Q&A: Winter rains bring new wildfire dangers in Southern California
Richard Minnich didn’t have to go far on a recent weekday morning to find an immense fire hazard surrounding the resort town of Lake Arrowhead and nearby communities in the San Bernardino Mountains.
Standing on a roadside pullout, Minnich eyed the culprit: a dense forest of pines and thickets that gives an alpine look to Lake Arrowhead. The site, historically known as Little Bear Valley, is home to about 12,000 permanent residents and attracts summer crowds of up to 80,000.
The unbroken vista of lush green is the result of more than a century of fire suppression. Each time firefighters put out a small blaze, unburned brush and timber was left to fuel future fires.
“People here want to live . . . in the majesty of nature,” Minnich, a fire ecologist at UC Riverside, said with a sigh. “But the forest all around them is ripe for a massive fire that is going to wipe it out and take thousands of homes nestled in the woods along with it.”
Minnich, 71, forecasts the probability of fire risks throughout Southern California based on meteorological and historical records, aerial photographs and ecological studies.
With the long Memorial Day weekend approaching, The Times grabbed a stump and listened to Minnich’s predictions for Southern California’s 2017 fire season.
Looking at the data, what is this year’s outlook?
Wet winter increases the risk for early fires in grassy hillsides, followed by postponed chaparral and forest fires in areas that have not burned for more than a century.
What about places, like Los Angeles County, where open grasslands and the suburbs clash head-on?
Grass that flourished on hillsides during the rains is already drying out and becoming kindling for extensive and frequent fires in places such as the Perris Basin in Riverside County, the Puente Hills-La Habra Heights area in eastern Los Angeles County, and the rolling hills of the northern San Fernando Valley.
Other grasslands close to homes are west of Los Angeles and northward into Ventura and Santa Barbara counties.
The good news is that if the grass doesn’t burn this summer, it will break down in the next winter rains.
Unlike grass, which has a life cycle of about one year, stands of forest and chaparral cycle in periods of decades. The problem in places such as the San Bernardino Mountains is that for more than 100 years we’ve tried to eliminate fire as a natural mechanism of breaking down all that organic matter.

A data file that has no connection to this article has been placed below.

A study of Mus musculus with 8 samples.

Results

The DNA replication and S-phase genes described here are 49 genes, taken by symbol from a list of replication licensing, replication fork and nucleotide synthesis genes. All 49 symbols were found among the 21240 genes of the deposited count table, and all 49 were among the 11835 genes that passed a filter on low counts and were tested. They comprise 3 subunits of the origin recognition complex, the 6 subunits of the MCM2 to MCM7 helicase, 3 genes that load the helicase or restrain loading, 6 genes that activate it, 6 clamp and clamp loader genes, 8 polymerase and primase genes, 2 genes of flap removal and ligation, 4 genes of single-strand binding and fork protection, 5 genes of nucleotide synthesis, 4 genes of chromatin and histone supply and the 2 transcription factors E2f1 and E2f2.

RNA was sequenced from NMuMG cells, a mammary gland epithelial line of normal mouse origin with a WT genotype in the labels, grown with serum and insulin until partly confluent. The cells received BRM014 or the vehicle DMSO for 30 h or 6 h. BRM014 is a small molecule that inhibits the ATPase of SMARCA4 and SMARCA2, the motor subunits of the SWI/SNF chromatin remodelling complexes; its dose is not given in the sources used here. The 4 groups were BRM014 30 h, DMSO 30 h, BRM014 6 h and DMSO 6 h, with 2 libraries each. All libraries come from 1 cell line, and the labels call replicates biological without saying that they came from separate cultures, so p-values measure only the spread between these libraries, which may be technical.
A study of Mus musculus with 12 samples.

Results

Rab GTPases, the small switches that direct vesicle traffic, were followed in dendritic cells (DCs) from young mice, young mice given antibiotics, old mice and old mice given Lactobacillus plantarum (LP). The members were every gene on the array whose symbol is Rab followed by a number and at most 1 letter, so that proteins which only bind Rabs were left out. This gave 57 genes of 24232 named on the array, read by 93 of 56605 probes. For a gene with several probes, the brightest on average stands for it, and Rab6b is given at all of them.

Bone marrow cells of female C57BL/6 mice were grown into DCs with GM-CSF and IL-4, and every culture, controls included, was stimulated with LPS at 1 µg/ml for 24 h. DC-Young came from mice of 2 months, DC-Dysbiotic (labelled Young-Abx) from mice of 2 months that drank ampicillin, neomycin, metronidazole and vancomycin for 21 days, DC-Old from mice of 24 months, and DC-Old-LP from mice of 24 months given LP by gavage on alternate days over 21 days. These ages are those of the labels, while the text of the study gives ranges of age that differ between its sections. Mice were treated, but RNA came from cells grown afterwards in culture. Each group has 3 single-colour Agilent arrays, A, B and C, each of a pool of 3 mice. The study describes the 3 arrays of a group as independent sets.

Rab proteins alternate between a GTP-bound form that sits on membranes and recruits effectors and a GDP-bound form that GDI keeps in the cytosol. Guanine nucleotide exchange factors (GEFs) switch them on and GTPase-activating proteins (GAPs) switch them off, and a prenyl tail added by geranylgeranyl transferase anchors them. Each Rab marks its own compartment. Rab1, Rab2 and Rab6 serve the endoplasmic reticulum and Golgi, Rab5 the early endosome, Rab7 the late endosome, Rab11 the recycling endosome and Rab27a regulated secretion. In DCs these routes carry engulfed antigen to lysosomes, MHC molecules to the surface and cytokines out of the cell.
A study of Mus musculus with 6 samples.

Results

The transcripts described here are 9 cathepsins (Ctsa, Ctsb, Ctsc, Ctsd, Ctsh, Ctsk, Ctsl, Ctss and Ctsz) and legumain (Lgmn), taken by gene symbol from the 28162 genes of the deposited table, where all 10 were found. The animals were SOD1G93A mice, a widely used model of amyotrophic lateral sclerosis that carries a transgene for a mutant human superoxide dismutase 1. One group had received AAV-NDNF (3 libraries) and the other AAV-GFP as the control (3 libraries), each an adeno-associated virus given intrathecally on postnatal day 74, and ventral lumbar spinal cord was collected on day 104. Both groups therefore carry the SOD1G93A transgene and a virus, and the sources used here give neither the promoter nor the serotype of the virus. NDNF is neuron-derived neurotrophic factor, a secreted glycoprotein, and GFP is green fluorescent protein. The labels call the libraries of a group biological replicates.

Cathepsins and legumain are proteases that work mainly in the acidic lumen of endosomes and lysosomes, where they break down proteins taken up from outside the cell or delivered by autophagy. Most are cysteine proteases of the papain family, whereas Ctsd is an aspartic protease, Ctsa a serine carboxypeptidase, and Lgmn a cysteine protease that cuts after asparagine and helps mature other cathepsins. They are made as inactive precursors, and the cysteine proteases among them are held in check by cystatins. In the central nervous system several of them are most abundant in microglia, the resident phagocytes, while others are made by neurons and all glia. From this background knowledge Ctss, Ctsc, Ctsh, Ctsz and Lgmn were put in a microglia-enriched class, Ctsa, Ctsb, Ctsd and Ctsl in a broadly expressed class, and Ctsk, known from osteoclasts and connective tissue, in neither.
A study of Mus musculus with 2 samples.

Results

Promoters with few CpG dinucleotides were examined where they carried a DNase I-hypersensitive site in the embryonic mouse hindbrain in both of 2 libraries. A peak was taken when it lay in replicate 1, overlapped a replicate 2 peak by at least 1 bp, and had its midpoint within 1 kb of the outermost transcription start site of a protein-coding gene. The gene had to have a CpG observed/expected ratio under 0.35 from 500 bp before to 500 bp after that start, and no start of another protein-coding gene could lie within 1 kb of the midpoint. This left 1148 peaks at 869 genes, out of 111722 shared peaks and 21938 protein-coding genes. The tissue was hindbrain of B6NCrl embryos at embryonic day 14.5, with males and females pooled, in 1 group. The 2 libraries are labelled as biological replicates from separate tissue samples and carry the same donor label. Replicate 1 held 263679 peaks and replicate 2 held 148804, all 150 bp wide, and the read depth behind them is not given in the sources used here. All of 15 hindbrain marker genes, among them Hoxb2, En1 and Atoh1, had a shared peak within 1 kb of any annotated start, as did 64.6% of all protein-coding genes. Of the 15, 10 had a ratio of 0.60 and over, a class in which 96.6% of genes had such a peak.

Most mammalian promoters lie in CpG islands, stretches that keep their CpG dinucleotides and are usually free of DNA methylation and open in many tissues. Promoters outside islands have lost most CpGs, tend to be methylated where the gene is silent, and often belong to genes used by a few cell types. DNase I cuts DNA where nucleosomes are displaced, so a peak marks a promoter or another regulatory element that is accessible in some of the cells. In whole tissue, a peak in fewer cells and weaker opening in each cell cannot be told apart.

Where is the risk of wildfires lowest?
Areas that have less risk already burned fires over the past 10 to 20 years. They include much of the chaparral in the western San Bernardino Mountains and most of the San Gabriel Mountains, with the exception of the Sierra Madre and Mount Wilson areas, which haven’t burned since 1924.
Should firefighters just give up, knowing that fire is inevitable in forests of old trees towering over thickets?
Here’s the ecological bottom line: The more burns in a given forested area, the smaller and more manageable fires will be in the future.
Why are you so edgy about Lake Arrowhead?
Lake Arrowhead has not burned since 1879. So, the thick forest of old pines towering over thickets of younger trees and chaparral there is capable of burning the entire forest to the tree tops. This is what happened in a San Gorgonio Mountain fire in 2015, where nearly 10,000 acres were charred, leaving a massive gap in the forest that will persist for a century or longer.
So Lake Arrowhead’s been lucky?
The wildlands north of Lake Arrowhead and the town itself emerged unscathed after the devastating Old Fire in 2003, which burned south of it, to the west near the community of Crestline and the east near the community of Running Springs.
More than 300 homes were destroyed in Cedar Glen, about three miles east of the town of Lake Arrowhead.
The fact that the town of Lake Arrowhead was spared was itself a gigantic event.
Over the years, millions of trees have been removed from the Lake Arrowhead area. But there remains such an extremely dense forest in that area that I believe it faces the worst risk of forest fires in Southern California.
Didn’t our recent heavy winter rains make trees and brush less flammable?
Yes, up to a point.
The overall fire hazard varies year by year, depending on winter rainfall. For example, the onset of fire season comes later in summer and fall after a wet winter, and arrives earlier in spring and summer after dry winters like the ones we had during the recent five-year drought.
Regardless of rainfall, however, the fire hazard in a specific region is defined by its fire history and the effect it has had on the landscape.
That’s because fires preferentially burn old chaparral and conifers. Hence, the oldest stands of trees are always the next in line to burn.
Which areas face the greatest risk for forest fires?
I’m most concerned about communities in pine forests that haven’t burned since the 19th century: Big Bear Lake and Lake Arrowhead in the eastern San Bernardino Mountains, and Idyllwild in the San Jacinto Mountains.
These areas have hundreds of trees per acre with trunks more than 4 inches in diameter and an understory of young conifers and brush. By way of comparison, a healthy, safer forest has about 13 such trees per acre.
The oldest stands of trees are always the next in line to burn.
— Richard Minnich, fire ecologist at UC Riverside
In the event of a fire, the heavy understory will create what foresters call a “fuel ladder” that sends flames climbing up into the canopy, triggering a massive blaze.
Also worrisome are stands of chaparral blanketing the San Bernardino Mountains east of Redlands, which haven’t burned in 60 to 120 years. This situation predicts future burns in those areas for decades to come.